SASKATOON — Justin Saint was crushed in university when they discovered donating blood wasn’t legal because of who they were dating.
“I was actually part of a team that organized the blood drive. But then I got a boyfriend and it went well, so that meant I had to stop participating in my own freaking blood drive,” Saint, who uses they and them pronouns, told CTVNews.ca over the phone.
“A lot of us were baffled by the rules,” said Saint, now a Vancouver-based make-up artist and drag performer. Since the 1990s, Canadian policies — which are currently being contested — have banned sexually active gay, bisexual and some trans men from donating blood.
As of 2009, however, they’ve been able to donate stem cells and bone marrow if they’re between the ages of 17 and 35, and are free of blood-borne diseases, including HIV or hepatitis B and C.
But not a lot of people know that, Saint and others in the community said.
So to cap off the end of Pride month, the national “Saving Lives with Pride” campaign is encouraging all Canadian men who have sex with men to register as potential stem-cell donors. It’s all being run by Stem Cell Club, a Canadian donor recruitment group, and people can register online here.
In Saint’s short video, he played exaggerated versions of himself in conversation, correcting misinformation about stem-cell donations and who was eligible.
Other videos deal with the same theme of misinformation, employing popular comical filters or dance remixes on the platform. A lot of them use down-to-earth language that avoids medical jargon, to connect with younger audiences.
Tyson Cook has been putting out videos about the topic, recording himself as he puts on make-up and transforms into his drag alter ego Frieda Whales. He said using the platform is crucial in connecting with Canadians who spend a lot of time on the app and might not encounter information like this through more traditional means.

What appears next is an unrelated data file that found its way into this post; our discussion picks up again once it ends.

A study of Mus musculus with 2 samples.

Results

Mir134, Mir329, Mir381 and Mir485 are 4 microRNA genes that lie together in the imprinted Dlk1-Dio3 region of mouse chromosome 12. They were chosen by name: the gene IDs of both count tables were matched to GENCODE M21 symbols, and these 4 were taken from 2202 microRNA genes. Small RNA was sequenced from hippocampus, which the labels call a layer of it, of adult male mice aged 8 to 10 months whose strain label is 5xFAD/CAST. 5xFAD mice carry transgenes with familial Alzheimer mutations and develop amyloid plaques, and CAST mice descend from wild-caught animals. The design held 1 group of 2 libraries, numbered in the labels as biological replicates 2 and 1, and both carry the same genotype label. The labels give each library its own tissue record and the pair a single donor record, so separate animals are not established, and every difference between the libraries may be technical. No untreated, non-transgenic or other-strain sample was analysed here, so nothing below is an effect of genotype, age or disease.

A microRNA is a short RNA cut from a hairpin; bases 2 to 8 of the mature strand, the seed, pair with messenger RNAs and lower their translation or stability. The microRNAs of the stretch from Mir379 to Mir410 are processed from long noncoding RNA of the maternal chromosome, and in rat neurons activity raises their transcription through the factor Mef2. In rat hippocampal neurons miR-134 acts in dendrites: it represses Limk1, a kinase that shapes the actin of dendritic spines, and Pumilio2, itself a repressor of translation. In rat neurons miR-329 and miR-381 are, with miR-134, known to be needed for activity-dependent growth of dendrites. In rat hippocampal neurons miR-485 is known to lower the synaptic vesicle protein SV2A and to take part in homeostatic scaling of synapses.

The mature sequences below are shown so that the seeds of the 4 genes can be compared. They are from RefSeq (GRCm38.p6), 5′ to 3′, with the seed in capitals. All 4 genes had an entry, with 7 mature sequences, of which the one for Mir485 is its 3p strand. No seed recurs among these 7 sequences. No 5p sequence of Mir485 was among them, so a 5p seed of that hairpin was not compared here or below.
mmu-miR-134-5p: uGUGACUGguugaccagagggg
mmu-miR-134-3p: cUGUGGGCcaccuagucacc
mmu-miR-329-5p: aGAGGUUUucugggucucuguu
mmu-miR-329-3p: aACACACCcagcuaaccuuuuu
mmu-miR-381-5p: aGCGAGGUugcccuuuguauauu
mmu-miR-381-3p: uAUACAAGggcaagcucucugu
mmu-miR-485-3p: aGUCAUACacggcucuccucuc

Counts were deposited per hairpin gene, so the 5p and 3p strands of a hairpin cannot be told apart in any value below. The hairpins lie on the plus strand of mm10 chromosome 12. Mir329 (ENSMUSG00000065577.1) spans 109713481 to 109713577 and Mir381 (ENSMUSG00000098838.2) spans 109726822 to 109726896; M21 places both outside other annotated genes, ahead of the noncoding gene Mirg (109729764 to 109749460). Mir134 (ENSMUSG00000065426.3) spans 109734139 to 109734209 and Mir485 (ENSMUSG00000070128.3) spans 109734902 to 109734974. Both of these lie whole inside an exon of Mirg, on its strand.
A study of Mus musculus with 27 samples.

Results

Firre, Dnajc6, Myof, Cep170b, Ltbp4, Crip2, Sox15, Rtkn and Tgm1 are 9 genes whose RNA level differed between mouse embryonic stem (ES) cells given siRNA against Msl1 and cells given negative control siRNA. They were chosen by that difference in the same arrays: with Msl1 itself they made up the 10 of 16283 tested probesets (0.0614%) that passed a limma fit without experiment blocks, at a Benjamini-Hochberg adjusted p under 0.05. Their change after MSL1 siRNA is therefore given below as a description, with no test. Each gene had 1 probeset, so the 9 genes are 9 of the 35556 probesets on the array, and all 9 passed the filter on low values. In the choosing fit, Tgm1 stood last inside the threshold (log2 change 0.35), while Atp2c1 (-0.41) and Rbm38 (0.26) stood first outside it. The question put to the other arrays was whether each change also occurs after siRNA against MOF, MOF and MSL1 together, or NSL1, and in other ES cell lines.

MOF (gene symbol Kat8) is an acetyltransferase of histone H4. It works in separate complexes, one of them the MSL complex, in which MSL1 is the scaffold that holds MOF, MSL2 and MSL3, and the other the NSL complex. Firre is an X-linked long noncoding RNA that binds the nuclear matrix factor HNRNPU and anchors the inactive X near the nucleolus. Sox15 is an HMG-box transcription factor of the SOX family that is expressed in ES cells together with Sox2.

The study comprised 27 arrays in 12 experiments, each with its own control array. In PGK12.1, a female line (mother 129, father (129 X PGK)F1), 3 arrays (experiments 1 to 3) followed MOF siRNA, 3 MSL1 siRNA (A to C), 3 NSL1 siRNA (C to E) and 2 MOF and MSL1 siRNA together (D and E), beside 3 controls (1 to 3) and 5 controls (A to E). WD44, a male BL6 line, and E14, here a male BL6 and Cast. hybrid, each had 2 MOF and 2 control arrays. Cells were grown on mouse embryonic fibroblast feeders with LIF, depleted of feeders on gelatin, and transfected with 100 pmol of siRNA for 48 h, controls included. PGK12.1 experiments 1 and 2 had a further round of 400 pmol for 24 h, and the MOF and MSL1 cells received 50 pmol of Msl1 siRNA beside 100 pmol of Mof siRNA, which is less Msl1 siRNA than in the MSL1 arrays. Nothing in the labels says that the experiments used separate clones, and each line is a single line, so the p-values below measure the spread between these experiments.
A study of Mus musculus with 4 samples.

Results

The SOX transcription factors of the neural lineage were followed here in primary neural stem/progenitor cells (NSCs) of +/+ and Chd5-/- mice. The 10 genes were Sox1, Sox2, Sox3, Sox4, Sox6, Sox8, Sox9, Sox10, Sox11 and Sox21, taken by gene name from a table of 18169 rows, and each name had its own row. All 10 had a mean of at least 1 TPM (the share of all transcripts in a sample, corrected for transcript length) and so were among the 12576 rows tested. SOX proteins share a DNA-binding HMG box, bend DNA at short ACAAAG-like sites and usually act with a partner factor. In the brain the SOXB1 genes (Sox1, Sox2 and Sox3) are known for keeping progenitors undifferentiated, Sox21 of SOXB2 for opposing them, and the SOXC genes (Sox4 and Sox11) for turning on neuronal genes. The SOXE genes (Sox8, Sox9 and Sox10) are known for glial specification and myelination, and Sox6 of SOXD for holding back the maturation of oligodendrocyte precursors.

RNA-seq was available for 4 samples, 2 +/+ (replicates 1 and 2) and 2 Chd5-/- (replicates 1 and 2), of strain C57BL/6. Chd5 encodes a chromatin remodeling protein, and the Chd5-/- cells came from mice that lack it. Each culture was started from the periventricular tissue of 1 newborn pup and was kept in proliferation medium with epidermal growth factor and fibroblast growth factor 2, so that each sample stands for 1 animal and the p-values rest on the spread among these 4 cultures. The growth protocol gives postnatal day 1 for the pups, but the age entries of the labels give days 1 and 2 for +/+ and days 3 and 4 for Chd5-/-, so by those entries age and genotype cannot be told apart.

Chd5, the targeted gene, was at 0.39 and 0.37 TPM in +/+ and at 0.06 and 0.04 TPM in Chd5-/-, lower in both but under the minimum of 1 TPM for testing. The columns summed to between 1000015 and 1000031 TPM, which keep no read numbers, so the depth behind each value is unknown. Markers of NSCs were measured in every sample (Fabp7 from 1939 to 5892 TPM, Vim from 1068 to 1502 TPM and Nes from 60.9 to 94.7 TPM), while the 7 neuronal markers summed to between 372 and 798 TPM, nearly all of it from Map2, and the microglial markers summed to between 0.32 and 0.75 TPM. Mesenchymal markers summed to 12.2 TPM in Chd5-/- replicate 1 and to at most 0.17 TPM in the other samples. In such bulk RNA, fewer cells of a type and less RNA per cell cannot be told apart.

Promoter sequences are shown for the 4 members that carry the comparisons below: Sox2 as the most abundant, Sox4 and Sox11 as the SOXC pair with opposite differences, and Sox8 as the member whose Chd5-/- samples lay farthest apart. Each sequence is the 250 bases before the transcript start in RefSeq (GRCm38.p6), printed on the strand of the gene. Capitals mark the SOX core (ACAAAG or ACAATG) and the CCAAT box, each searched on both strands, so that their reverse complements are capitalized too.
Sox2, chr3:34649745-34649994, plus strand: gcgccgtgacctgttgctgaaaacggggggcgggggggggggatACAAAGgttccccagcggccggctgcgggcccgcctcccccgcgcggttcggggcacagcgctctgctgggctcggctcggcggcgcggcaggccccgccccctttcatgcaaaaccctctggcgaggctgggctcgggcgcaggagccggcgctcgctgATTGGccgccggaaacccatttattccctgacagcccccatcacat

“The message is making sure everyone is included [with] diversity everywhere as much as possible. Because it’s not just the cis, straight white men that can donate and help out. Everyone is eligible to help out,” Cook told CTVNews.ca in a phone interview.
The campaign will run from June 21 to 30 but people can donate at any time afterwards. Many of the videos link back to where people can register or find out more.
This latest drive is similar to a push last February to shore up the number of Black stem-cell donors, another underrepresented group in the registry.
The reason this matters is because recipients need matches from donors with similar ancestral backgrounds. Saint, a Filipino-Chinese man, said “it could be that one queer person could be the match right now.”
Joel Koettle, a gay surgical nurse in B.C. who was diagnosed with Leukemia, strongly supports the campaign. He received a stem-cell transplantation in 2018 and, to this day, still thinks about his donor in Germany.
“Who knew that someone from the other side of the world would be a match. We are planning on meeting at some point when he comes to Canada. At which point, I plan on thanking him for his gift. I consider him my hero,” Koettle said online.
The national campaign has been in the works for the past year but Stem Cell Club first began spreading the word in LGBTQ2S+ communities in 2018 and 2019, when volunteers recruited hundreds of new potential donors in person at Pride festivals across Canada.
Saving Lives with Pride organizer and hematologist Dr. Warren Fingrut said he and his team are aiming “to destigmatize gay, bi, queer donation and to let these demographics know that they will be treated well and with respect as donors.”
Fingrut, who’s been running workshops advocating for a more inclusive blood system, has also enlisted transplant physicians to help get the word out.
“Race, background, nationality, sexual orientation, gender identity… stem cells look the same, no matter where they come from,” Dr. Arjun Law, a transplant hematologist at Princess Margaret Hospital in Toronto, said in a YouTube video.
Cook took it a step further, saying donations could be a subtle way to potentially combat people’s prejudices.
“It might help out someone who is not accepting of a queer lifestyle. And then maybe they’ll realize: that person looked out for me even though I wasn’t looking out for them and that they’re actually good people.”